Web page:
I was contacted for an article in a UK magazine on travel to Israel. This is what they say about Israel:
Get the insiders’ guide to Israel from those who know it best. There’s nothing like first-hand experience. But if you can’t get it, then the second best thing is to borrow someone else’s. And when it comes to knowing Israel, you won’t find experts with more expertise than ours – take a look at why they love Israel. With its long history, melting pot of cultures, religious heritage and cosmopolitan cities, Israel is an unforgettable destination.
They asked a series of questions and wanted my recommendations.
Favorite place to stay, a city/rural town or village rather than a specific hotel?
The two favourite places to stay while in Israel are Tel Aviv and Jerusalem but I would suggest something different. Since the Negev desert in the south makes up 60% of Israel’s land area, I think you should stay a few nights there and what could be more appropriate than the new hotel in Mitzpe Ramon on the edge of the large Ramon crater, a geological formation unique to this area. To explore, take a jeep tour into the crater and at night, away from the lights of the big cities, gaze up at the stars and learn to identify the constellations with a guide.
Favorite place to eat, a restaurant and what you would recommend from the menu?
For a special experience I would recommend Uri Buri, a homey seafood restaurant in Acre, near the lighthouse, facing the Mediterranean Sea. What makes Uri Buri stand out are his unique dishes, based on interesting combinations of ingredients, for example, sashimi with carmelized beets and wasabi sorbet. The best way to go is to make a reservation, invite some friends and share the tasting menu (ask the waiter/waitress for local Israeli wine recommendations).
To get an overview of the Old City of Jerusalem, within the 16th century Ottoman Turkish walls, you need to get high and the best view is by climbing 177 steps to the top of the bell tower (height about 40 meters) on the Church of the Redeemer with its 360 degree view of the city. While you’re there visit to the excavations under the church and the small museum.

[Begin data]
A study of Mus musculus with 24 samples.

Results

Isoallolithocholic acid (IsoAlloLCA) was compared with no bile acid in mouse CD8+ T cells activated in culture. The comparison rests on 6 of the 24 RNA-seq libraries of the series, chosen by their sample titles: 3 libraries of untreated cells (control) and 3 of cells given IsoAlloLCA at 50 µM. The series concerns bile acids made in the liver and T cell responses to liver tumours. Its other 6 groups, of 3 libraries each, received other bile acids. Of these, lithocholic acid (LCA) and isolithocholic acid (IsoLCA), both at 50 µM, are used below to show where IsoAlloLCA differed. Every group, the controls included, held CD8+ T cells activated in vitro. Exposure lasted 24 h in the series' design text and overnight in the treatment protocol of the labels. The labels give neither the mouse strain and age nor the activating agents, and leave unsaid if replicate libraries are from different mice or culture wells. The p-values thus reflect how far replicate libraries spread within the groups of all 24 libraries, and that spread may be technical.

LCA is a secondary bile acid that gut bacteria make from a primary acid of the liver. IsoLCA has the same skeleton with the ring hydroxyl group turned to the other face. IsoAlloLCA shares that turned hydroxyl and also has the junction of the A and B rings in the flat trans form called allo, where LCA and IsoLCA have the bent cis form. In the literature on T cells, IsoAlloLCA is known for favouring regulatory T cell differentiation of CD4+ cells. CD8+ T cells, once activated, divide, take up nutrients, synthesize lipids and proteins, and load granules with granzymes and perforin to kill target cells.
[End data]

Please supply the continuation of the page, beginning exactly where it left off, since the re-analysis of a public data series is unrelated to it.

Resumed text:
Recommended excursion for visitors to Israel?
A day trip to the Dead Sea and Judean desert where you can combine history and nature. Visit Qumran where the Dead Sea Scrolls were discovered or Masada, KIng Herod’s fortified palaces on the top of a mountain. Take a hike in the Ein Gedi nature reserve, one of two natural springs in the Judean desert and enjoy a dip in freshwater pools under the cascade of a waterfall. Hopefully you will see ibex, a kind of mountain goat, native to the area. End the day at one of the spa/beaches for a float in the therapeutic waters of the Dead Sea, the lowest place on earth.
Not far from Eilat is the Red Canyon, a colorful gem of a hike for the whole family where you slide down chutes and climb down ladders of a narrow canyon with purple, orange and pink sandstone sculpted walls.
Best way to spend a day in Israel?
Drive the Jordan valley, part of the Great African Rift, visit the archaeological site at Bet Shean, have lunch of St Peter’s fish overlooking the Sea of Galillee, visit Capernaum, with a 4th century synagogue and the house where Peter lived and Jesus preached, later a church. From there drive to the Mediterranean coastal town of Jaffa. At dinner time choose a restaurant on the boardwalk overlooking the sea and watch the sunset.
To see all this and more it’s worth using an expert guide, you’ll enjoy yourself more.
This is GREAT! So nice to see your hard work as a Guide and articulate / credible source of Israel Travel information is being noticed by others worldwide. Mazel Tov!
I agree completely with Bob. A very nice overview, and I really like the looks of Red Canyon. (But I can do without the wasabi sorbet.)
Actually the wasabi sorbet is very interesting with the sashimi. Uri opened an ice cream parlor called Endolema just up the street from his restaurant with homemade, mostly native to Israel flavors like lime and poppyseed, arak and grapefruit, apricot, passionfruit, mint, etc.